More students struggling amid soaring housing costs and inflation

Lateia Johnson, a health science divisions professor, handed food items to Javkhlan Batsaikhan as she helped her bag up items from the DISH Food Pantry at Bunker Hill Community College.Jessica Rinaldi/Globe Staff

A growing number of Massachusetts college students are struggling to feed themselves and their families as soaring housing costs and inflation drain resources and pandemic emergency programs wind down, hunger advocates and students say.

Private colleges and universities, in particular, are facing calls to increase access to food for students who are juggling living, education, and food costs.

“It’s not talked about as much since we are a private university and there are a lot of students with wealth on campus,” said Chidima Asikaburu, a fourth-year student at Northeastern University. “But many low-income students come with scholarships that cover tuition and maybe housing, but often it doesn’t cover all the needs that we have.”


Students are more likely to drop out of school or see their grades fall if they are hungry, research shows. In Massachusetts, a group of advocates formed the Hunger Free Campus Coalition in late 2019 with the goal of passing legislation to strengthen the response to campus food insecurity on public campuses across the state.

Advocates are hopeful the legislation, which would provide state colleges with grant funding and technical assistance to address food insecurity, will pass on Beacon Hill in the coming days. The Massachusetts Hunger-Free Campus Initiative is pending before the Senate Ways and Means committee, and the sponsors believe it will pass in the informal session. The bill would also ensure more eligible students are aware of government-sponsored food assistance programs such as SNAP.

If it does not pass, supporters said they will refile in January. Similar legislation has passed in other states including Maryland, California, Louisiana, and Pennsylvania, according to advocates.


New research found that community colleges and four-year public colleges provide more resources to address food insecurity than private universities. Students, advocates, and researchers said some private colleges have long neglected hunger on their campuses, fearing the public stigma associated with poverty and potential brand damage.

But that is starting to change, as student populations become outspoken about their needs.

At Northeastern, student Joshua Sisman has been advocating for more affordable meal plans for students and improvements to a program that allows students to donate unused swipes into the dining hall to those in need. A Northeastern student government survey last year found that 26 percent of 1,225 students who responded said they have experienced food insecurity in the previous year.

“Food insecurity is a really, really big issue on campus,” said Sisman, a senior and chair of The Northeastern chapter of the Young Democratic Socialists of America.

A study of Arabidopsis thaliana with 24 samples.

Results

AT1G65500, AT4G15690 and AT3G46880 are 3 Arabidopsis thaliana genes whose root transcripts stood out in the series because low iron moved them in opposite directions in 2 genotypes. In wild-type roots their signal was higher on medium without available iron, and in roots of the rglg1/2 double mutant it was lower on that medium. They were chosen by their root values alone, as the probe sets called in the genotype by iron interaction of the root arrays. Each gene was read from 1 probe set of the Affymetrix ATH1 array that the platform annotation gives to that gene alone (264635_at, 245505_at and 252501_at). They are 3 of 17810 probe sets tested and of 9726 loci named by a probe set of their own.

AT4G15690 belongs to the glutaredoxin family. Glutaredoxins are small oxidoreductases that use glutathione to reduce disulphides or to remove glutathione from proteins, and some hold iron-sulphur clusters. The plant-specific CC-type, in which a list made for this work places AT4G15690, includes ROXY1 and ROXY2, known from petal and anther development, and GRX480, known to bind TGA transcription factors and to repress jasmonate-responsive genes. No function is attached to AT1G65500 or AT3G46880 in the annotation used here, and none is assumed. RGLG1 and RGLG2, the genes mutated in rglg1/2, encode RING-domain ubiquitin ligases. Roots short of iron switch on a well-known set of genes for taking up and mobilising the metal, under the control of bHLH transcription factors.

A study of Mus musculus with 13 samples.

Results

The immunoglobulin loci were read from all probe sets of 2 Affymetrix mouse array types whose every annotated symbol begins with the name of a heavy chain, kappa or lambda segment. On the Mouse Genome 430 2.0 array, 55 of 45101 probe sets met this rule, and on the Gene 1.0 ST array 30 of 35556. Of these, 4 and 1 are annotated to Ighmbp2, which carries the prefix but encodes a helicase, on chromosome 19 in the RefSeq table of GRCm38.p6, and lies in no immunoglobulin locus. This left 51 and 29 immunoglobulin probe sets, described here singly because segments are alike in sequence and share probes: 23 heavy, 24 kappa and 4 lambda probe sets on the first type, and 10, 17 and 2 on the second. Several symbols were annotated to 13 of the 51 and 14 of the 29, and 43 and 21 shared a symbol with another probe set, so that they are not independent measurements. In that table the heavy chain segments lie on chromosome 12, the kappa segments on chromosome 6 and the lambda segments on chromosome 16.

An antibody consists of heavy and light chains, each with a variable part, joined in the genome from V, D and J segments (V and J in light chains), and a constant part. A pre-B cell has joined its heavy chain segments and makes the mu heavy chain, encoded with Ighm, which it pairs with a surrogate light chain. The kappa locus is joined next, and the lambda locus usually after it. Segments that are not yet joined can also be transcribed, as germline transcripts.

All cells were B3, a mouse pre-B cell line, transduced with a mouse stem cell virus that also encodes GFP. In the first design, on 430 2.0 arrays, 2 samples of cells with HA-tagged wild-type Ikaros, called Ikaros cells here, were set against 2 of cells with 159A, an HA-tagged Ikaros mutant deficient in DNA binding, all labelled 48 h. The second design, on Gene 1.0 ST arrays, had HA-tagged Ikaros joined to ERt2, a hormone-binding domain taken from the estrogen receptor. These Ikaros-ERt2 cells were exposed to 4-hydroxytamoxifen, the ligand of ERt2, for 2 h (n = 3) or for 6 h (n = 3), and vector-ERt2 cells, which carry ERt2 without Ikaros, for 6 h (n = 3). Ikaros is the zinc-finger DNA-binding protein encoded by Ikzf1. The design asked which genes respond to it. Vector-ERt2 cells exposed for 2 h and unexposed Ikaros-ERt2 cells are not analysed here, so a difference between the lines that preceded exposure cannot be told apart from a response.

Northeastern currently charges $4,405 for its unlimited meal plan, more than most other Boston-area colleges. The YDSA chapter launched a campaign called “No Hungry Huskies,” which has received more than 2,400 signatures to urge the university to reduce its meal plan prices, among other changes.


“Through our campaign and our awareness work, we’ve been able to get them to commit to quite a few things,” Sisman said. “The collective student support has really made a world of difference.”

Northeastern officials said in a recent interview that the university is expanding resources to ease food insecurity, including building a community of faculty and staff members who are on the lookout for students who might be struggling, a program to minimize food waste in the dining hall, and an expansion of the meal swipe donation program to graduate students. There is not a food pantry on campus, although one student group operates a community fridge.

“Our goal is to make sure that no student who says they’re hungry will go hungry,” said Madeleine Estabrook, Northeastern’s head of student affairs.

Swipe Out Hunger, a nonprofit that was started in 2010 by a group of students at University of California Los Angeles and now works with about 500 colleges across the country, conducted a survey of 352 college campuses in 2021 and found that 45 percent of those schools had opened food pantries in the previous five years. Meanwhile, a report published by Temple University’s Hope Center for College, Community, and Justice in March 2021 found that 29 percent of students at four-year colleges experienced food insecurity in the 30 days prior to the survey.


“Denial by state and civic leaders, for years, is disgraceful,” Sloane said.

The college’s pantry, called the DISH, this year added refrigerated lockers that allow students to pick up food at a time that’s most convenient without worrying about perishable items.

About 200 to 220 students use the pantry each month, said Molly Hansen, DISH Food Pantry Coordinator. Diapers and baby formula are among the pantry’s most popular items, Hansen said.

Leany Belteton, a nursing student at Bunker Hill who lives in Everett, depends on the pantry each month for food and supplies for her three children. Belteton, 44, works two jobs on top of school.

“It’s not a living wage — it’s really not enough,” said Belteton, who immigrated from Guatemala with her parents when she was 9. “I feel more at peace knowing I have that food and supplies for my family [from the college].”


“Oh my God, it’s been a lifesaver,” Pinto-Jimenez said. “I can’t tell you how many times I had to take a break in between my different math classes to just eat something and it makes everything so much better. Math doesn’t make sense when you’re hungry.”


Hilary Burns can be reached at hilary.burns@globe.com. Follow her @Hilarysburns.